A quarter of the world’s population works in agriculture. It is the world’s largest industry and worth $12 trillion every year.
Yet, the way that we currently produce, trade and consume food has left many of the industry’s workers without even the most basic rights.
What are workers' rights issues in the food industry?
The food industry has a litany of workers’ rights abuses. These are some of the key issues that must be tackled in our food system.
1. Poverty wages
There are 500 million smallholder farmer households globally. They produce around 30% of the world’s total food. Many smallholder farmers are amongst the poorest people in the world. Often smallholders are paid appallingly low prices for their produce.
For example, around 80% of the world’s coffee comes from smallholder farms, almost all in the Global South. However, in many places the legacies of colonialism affect the ability for smallholder farmers to trade their crop fairly. According to Chris Ouloch from Fairtrade Africa, “After colonialism ended and coffee-growing land was returned to native producers, many of them were only left with small parcels of land.”
Today this means they often have to sell their coffee through established multinationals. Foreign exporters will buy green coffee at a low price from the growers, and roast it abroad to sell at many times the price. This means that farmers get a fraction of the product’s final value – only a tiny portion compared to the multinational’s profits.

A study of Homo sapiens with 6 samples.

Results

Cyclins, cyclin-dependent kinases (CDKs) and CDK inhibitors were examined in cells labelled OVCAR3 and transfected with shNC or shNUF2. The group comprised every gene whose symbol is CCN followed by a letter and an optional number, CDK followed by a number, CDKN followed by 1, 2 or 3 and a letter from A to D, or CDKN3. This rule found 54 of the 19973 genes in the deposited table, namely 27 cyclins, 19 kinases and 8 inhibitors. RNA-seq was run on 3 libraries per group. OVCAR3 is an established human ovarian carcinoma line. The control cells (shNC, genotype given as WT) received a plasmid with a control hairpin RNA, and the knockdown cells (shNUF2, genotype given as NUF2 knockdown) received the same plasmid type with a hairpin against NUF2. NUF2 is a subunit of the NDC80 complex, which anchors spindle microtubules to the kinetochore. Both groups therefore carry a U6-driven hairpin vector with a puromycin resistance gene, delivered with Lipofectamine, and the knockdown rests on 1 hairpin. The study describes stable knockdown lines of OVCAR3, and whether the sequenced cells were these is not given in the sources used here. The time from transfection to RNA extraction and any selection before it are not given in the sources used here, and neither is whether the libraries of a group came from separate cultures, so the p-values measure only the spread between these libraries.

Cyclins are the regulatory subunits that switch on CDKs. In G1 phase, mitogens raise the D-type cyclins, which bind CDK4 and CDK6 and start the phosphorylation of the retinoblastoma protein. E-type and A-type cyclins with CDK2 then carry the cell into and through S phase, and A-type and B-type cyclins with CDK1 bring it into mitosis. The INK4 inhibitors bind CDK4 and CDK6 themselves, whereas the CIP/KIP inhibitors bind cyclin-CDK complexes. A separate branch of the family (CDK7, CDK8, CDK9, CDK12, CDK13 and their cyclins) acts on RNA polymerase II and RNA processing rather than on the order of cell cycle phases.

This is true for many food items e.g. cocoa beans into chocolate. The profit comes from additional processing which is nearly always carried out elsewhere. In contrast, some of our best buy chocolate brands make the chocolate at source.
Where food is produced on a larger scale, low incomes are often passed on to farm workers. A worker in the tea industry receives on average just 38% of the living wage. Even in the UK, the agricultural industry has by far the largest proportion of low income insecure work of any sector.
As a result, many of those producing our food face ‘in-work poverty’. In 2018, an Oxfam report on conditions for banana workers in Ecuador – the biggest exporter of the fruit – found that most workers were living “a hand-to-mouth existence.” In 2019, Oxfam found that two-thirds of banana workers said they did not earn enough to cover basic needs.
“Money is extremely tight. We must cut down on food to be able to pay our children’s school fees.” Yensy, wife of a worker at the pineapple plantation Finca Once, Lidl supplier quoted in a 2018 Oxfam report.
Even where the legal minimum wage is respected on plantations, in packing factories or in other parts of the food supply chain, it may not be enough to provide a sufficient income.